Last week, when I left the Wind River Range, my plan was to go to the Echo Park campground in the Colorado side of Dinosaur National Monument. The description and pictures were appealing. But there was a warning from the Park Service:
The last 13 miles requires driving on unpaved roads. These roads are impassable when wet and are recommended for high clearance vehicles only.
Okay. I checked the forecast. Thundershowers likely. Hmmm. So I stopped for a night at Flaming Gorge to kill time.
The next day's forecast still called for rain. Alright, where else in the general area might I go? How about Uinta Canyon? (Route 1 in red below)
The next day? Still rain. So I backtracked south then headed farther west and north again to Moon Lake. (Route 2 in blue)
Finally, yesterday's forecast was all sunshine and happiness. I hit the road south again, then east through Roosevelt and Vernal to Dinosaur, Colorado, where I headed north again (looping back into Utah and out again) to Echo Park.
The first half mile or so of the unpaved road the Park Service warned about is steep and lumpy, with loose rocks from the size of walnuts to, oh, peaches, and some patches of bad washboard. I crawled down in first gear and still needed the brakes. I would not want to try getting up that road when it's muddy. But from there on, it's hard packed gravel, relatively flat and smooth, with three paved stream crossings. I've been down much worse roads that no one felt compelled to warn about. High clearance is not necessary. In fact, a compact sedan passed me going the other way. Large rigs should stay away, though. The road is narrow and some turns are sharp. And there aren't many places to turn around even a short rig.
This much room
The drive is visually dramatic, though. For part of it you're in narrow canyons with sheer cliffs on one side and a tree-lined stream on the other. I love those kinds of places.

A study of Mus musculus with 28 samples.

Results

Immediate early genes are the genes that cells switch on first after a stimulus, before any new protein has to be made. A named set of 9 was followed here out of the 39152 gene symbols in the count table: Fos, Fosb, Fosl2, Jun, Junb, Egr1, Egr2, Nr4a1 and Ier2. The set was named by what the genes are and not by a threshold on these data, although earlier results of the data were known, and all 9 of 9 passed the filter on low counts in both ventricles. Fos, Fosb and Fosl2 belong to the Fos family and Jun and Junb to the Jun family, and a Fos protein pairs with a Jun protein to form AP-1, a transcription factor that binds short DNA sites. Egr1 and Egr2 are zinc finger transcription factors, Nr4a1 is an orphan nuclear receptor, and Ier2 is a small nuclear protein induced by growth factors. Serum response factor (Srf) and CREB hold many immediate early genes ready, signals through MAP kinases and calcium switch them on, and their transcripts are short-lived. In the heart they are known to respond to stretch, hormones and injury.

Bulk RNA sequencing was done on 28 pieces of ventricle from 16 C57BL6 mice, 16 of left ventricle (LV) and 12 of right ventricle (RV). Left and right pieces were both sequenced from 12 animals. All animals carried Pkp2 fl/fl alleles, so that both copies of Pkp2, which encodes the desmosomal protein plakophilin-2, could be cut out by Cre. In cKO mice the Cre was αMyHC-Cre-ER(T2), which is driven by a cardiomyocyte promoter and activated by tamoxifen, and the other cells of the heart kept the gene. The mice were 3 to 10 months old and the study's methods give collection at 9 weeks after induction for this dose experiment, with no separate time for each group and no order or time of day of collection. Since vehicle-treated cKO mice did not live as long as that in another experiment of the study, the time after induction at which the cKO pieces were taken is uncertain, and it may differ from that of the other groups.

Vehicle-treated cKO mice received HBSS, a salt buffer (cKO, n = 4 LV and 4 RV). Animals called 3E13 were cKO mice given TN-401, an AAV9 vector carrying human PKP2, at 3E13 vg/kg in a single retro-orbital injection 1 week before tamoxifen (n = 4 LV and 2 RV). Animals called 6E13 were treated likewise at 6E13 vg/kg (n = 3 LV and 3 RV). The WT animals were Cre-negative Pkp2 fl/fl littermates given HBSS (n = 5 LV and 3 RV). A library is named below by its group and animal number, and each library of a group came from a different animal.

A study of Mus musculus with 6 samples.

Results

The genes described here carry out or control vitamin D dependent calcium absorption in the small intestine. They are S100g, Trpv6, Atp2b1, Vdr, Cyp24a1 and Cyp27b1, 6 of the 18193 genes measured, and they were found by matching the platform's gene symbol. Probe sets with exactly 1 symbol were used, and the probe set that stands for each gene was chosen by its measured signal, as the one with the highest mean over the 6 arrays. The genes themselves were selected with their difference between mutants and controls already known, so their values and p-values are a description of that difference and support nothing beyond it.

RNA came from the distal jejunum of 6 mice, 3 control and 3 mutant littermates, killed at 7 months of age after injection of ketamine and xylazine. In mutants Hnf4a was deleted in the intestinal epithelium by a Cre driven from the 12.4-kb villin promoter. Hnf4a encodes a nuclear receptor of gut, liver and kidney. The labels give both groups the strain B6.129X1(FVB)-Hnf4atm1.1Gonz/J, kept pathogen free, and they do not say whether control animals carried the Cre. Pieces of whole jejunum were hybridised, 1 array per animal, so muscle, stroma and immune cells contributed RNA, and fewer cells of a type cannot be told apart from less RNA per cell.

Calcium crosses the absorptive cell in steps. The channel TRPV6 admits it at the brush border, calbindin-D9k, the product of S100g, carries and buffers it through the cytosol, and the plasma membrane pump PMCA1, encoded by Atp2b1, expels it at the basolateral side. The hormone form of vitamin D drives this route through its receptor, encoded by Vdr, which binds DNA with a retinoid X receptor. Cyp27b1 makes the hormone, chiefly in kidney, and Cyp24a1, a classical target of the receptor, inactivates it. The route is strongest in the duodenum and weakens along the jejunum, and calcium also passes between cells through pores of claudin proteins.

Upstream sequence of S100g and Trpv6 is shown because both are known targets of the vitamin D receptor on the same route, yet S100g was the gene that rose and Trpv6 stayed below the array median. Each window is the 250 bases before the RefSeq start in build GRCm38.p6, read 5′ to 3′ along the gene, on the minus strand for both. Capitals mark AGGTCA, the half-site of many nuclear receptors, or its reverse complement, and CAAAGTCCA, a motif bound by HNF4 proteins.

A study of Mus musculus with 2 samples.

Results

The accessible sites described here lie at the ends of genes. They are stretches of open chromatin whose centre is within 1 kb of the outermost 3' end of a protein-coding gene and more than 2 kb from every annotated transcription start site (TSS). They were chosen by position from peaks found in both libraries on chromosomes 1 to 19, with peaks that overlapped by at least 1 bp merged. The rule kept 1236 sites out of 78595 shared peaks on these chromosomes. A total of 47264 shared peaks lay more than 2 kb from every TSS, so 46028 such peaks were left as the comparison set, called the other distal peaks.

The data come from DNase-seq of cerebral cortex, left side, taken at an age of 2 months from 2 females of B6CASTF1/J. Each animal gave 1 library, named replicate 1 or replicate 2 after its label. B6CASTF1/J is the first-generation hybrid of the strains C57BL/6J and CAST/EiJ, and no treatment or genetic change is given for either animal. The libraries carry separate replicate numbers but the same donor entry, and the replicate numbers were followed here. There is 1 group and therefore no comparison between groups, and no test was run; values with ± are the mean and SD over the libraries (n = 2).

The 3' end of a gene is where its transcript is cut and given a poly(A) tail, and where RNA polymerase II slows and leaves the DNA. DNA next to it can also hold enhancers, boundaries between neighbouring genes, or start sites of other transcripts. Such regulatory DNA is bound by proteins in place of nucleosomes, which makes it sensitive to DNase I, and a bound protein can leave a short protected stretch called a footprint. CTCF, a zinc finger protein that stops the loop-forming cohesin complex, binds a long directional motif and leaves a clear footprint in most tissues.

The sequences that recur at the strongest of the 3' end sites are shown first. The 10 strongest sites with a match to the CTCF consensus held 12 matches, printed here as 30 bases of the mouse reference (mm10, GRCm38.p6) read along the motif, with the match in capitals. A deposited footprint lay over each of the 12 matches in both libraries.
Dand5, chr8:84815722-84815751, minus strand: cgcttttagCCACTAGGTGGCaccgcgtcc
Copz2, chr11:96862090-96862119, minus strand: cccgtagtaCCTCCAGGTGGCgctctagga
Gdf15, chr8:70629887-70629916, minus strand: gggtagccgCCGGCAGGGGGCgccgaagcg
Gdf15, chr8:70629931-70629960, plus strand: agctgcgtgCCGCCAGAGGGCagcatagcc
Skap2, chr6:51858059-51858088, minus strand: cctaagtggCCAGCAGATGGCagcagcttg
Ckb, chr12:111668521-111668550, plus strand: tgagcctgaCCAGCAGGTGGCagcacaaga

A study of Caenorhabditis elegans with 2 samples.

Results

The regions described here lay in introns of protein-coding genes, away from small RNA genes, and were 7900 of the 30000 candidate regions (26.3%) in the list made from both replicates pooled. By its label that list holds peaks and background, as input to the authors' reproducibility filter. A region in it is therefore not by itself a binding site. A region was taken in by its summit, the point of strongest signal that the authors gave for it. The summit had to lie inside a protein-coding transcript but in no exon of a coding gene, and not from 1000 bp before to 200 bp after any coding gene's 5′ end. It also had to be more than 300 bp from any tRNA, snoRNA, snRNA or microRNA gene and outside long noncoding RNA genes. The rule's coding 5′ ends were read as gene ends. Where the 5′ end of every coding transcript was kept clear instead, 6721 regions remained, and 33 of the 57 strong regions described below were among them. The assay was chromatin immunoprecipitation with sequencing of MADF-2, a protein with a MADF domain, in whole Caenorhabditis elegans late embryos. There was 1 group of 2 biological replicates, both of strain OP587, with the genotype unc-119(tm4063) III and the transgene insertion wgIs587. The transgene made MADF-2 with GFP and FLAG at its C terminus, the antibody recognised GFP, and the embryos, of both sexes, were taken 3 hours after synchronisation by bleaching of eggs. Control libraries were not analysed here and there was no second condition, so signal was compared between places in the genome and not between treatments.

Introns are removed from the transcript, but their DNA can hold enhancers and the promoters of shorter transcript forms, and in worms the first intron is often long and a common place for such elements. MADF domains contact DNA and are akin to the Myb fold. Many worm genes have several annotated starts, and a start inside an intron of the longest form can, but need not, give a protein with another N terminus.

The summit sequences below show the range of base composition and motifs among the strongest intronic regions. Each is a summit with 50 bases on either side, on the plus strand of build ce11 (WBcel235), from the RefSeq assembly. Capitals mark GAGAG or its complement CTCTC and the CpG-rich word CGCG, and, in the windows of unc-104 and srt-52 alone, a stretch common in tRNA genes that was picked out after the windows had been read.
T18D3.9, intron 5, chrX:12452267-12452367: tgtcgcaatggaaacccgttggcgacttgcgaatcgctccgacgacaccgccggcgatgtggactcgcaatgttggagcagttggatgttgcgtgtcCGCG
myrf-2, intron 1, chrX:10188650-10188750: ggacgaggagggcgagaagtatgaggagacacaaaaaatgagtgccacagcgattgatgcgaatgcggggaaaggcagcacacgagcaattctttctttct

The road goes between that gap in the mountains
Echo Park Campground is seventeen tent sites surrounded by cliffs on three sides with the Green River on the forth.
Who says Dinosaur National Monument is all about fossils?
It's a great location. I might have stayed a few days (even with zero cell signal). But, as you can see from some of the photos, the sky started clouding up. Then there was distant thunder. Then a smattering of raindrops. I started thinking about the steep climb turning to mud. Damn. So I packed up and headed out. I'd go to one of the other campgrounds. One with pavement. That meant going back out the Colorado entrance and around to the Utah entrance, because there isn't a connecting road within the park. (See route 4) That's good in a wilderness preservation way, but it's more driving for me. Whee.
The climb back to civilization was bad enough with a dry road. I chugged, bounced and slipped my way up in first gear. The engine temperature kept climbing. The warning didn't mention that part.
By the time I got to the Green River campground, the weather looked fine. The sky was clear overhead. So it goes. I got a site just through the bushes from the river. It wasn't as scenic, but the peace-of-mind factor compensated for it.
Now, today, I'm headed west again. I'm visiting my sister in Salt Lake City. Then it's on the road again. More driving. Because there are places to go, things to see, things to learn.